Unemployment woes hamper Las Vegas’ potential economic gains

Brookings study gauges economic performance in regional metropolitan areas by ranking housing, employment and economic output

Job seekers look over a posting of jobs at the Job Connect offices on Maryland Parkway Tuesday, March 27, 2012. A new Brookings Institution/UNLV report confirms that while the national economy improves, the Las Vegas economy continues to struggle with high unemployment & stagnant or declining home prices.

Metropolitan areas in the Intermountain West have recovered from the housing bust, but the unemployment rate is still a major concern for Las Vegas, an economic report issued today by Brookings Mountain West says.

The third-quarter Mountain Monitor, published by Brookings, said house prices increased in all 10 western metropolitan areas it monitors between June and September for the first time since the Great Recession began.

The report gauges economic performance by ranking housing, the employment rate and economic output.

Overall, Las Vegas joined Colorado Springs, Colo., within the second-weakest tier of the nation's 100 metropolitan areas. Albuquerque is in the weakest tier. The top performers in the West were Boise; Salt Lake City; Provo, Utah; and Phoenix. The second tier in the West includes Ogden, Utah; and Denver. Tucson, Ariz., is in the middle tier.

The report was written by Brookings' Mark Muro and Kenan Fikri and used data compiled by Moody's Analytics, the U.S. Bureau of Labor Statistics and the Federal Housing Finance Agency House Price Index.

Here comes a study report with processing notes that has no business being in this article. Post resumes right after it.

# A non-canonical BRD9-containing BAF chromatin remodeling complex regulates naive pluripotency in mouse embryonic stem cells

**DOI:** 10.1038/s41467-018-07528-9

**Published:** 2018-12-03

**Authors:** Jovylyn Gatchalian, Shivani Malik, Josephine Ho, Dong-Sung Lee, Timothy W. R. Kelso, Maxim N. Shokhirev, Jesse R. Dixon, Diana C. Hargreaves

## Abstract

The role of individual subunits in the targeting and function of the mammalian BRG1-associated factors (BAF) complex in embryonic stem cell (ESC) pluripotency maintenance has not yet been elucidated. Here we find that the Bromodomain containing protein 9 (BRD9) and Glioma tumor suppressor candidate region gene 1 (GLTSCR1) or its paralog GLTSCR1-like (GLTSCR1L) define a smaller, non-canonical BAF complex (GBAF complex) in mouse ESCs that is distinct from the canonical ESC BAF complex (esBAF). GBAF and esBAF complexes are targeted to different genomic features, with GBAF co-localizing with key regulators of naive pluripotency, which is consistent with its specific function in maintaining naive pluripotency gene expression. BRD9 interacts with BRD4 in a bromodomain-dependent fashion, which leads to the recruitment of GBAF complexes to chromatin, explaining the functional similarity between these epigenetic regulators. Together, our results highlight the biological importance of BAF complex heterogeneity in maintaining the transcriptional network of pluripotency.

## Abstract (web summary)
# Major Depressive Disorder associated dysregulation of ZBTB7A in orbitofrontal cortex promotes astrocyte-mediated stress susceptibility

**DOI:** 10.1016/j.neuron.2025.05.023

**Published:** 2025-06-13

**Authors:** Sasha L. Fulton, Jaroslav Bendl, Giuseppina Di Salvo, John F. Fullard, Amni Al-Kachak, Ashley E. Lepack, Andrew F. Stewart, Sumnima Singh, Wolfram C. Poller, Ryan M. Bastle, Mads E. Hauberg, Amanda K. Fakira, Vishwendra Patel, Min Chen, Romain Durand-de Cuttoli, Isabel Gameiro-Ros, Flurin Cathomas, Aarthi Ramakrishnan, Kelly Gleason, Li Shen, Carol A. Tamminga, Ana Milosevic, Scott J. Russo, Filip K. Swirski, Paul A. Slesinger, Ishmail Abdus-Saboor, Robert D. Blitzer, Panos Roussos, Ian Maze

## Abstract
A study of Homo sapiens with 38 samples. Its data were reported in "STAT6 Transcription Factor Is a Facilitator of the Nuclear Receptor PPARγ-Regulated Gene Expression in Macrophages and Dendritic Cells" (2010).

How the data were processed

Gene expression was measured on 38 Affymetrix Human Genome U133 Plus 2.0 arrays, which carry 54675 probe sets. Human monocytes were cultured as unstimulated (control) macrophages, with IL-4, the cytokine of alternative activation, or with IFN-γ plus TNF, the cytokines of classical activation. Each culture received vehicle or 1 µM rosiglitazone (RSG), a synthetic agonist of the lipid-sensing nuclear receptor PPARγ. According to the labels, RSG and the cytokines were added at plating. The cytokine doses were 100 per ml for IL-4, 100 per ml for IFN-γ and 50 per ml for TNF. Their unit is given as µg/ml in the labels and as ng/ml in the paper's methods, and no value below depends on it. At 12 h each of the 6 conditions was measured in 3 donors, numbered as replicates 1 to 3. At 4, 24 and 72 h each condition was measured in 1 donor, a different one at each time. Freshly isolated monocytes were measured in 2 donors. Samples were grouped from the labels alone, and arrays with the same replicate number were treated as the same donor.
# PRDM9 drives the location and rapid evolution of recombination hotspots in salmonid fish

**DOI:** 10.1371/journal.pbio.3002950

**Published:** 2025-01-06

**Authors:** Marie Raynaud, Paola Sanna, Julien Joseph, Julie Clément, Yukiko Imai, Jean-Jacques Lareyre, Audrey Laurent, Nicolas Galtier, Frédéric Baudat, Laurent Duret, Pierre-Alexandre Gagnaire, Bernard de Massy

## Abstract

"Today's most recent economic reports point to a national economic recovery that is moving in the right direction, albeit slowly," the report says. "The unemployment rate is edging down, the housing market is showing signs of life and national (gross domestic product) growth is relatively strong.

"But the subnational picture is only beginning to come into focus. Metropolitan level data now available for the third quarter of 2012 reveal that the rate of recovery varied tremendously across the nation's metropolitan areas. Nowhere is that variation more apparent than across the landscape of the Intermountain West."

Employment in the West grew by 0.3 percent during the quarter, slightly better than the 0.2 percent national average increase. While most of the metropolitan areas of the West had the greatest improvement in employment rates, Las Vegas, Albuquerque and Colorado Springs saw their employment rates languish with Las Vegas and Colorado Springs below the national average.

The report also measured gross metropolitan product output with Las Vegas, Salt Lake City and Ogden improving by 0.7 percent over the quarter.

"By the close of the third quarter, the economy of the metropolitan Mountain West remained only 0.3 percent smaller than it was before the recession," the report says. "The steadily lightening drag of shrunken but growing-again economies in Las Vegas, Phoenix and Tucson still more than outweighed the steady advances above and beyond former peaks in the rest of the region's major metros."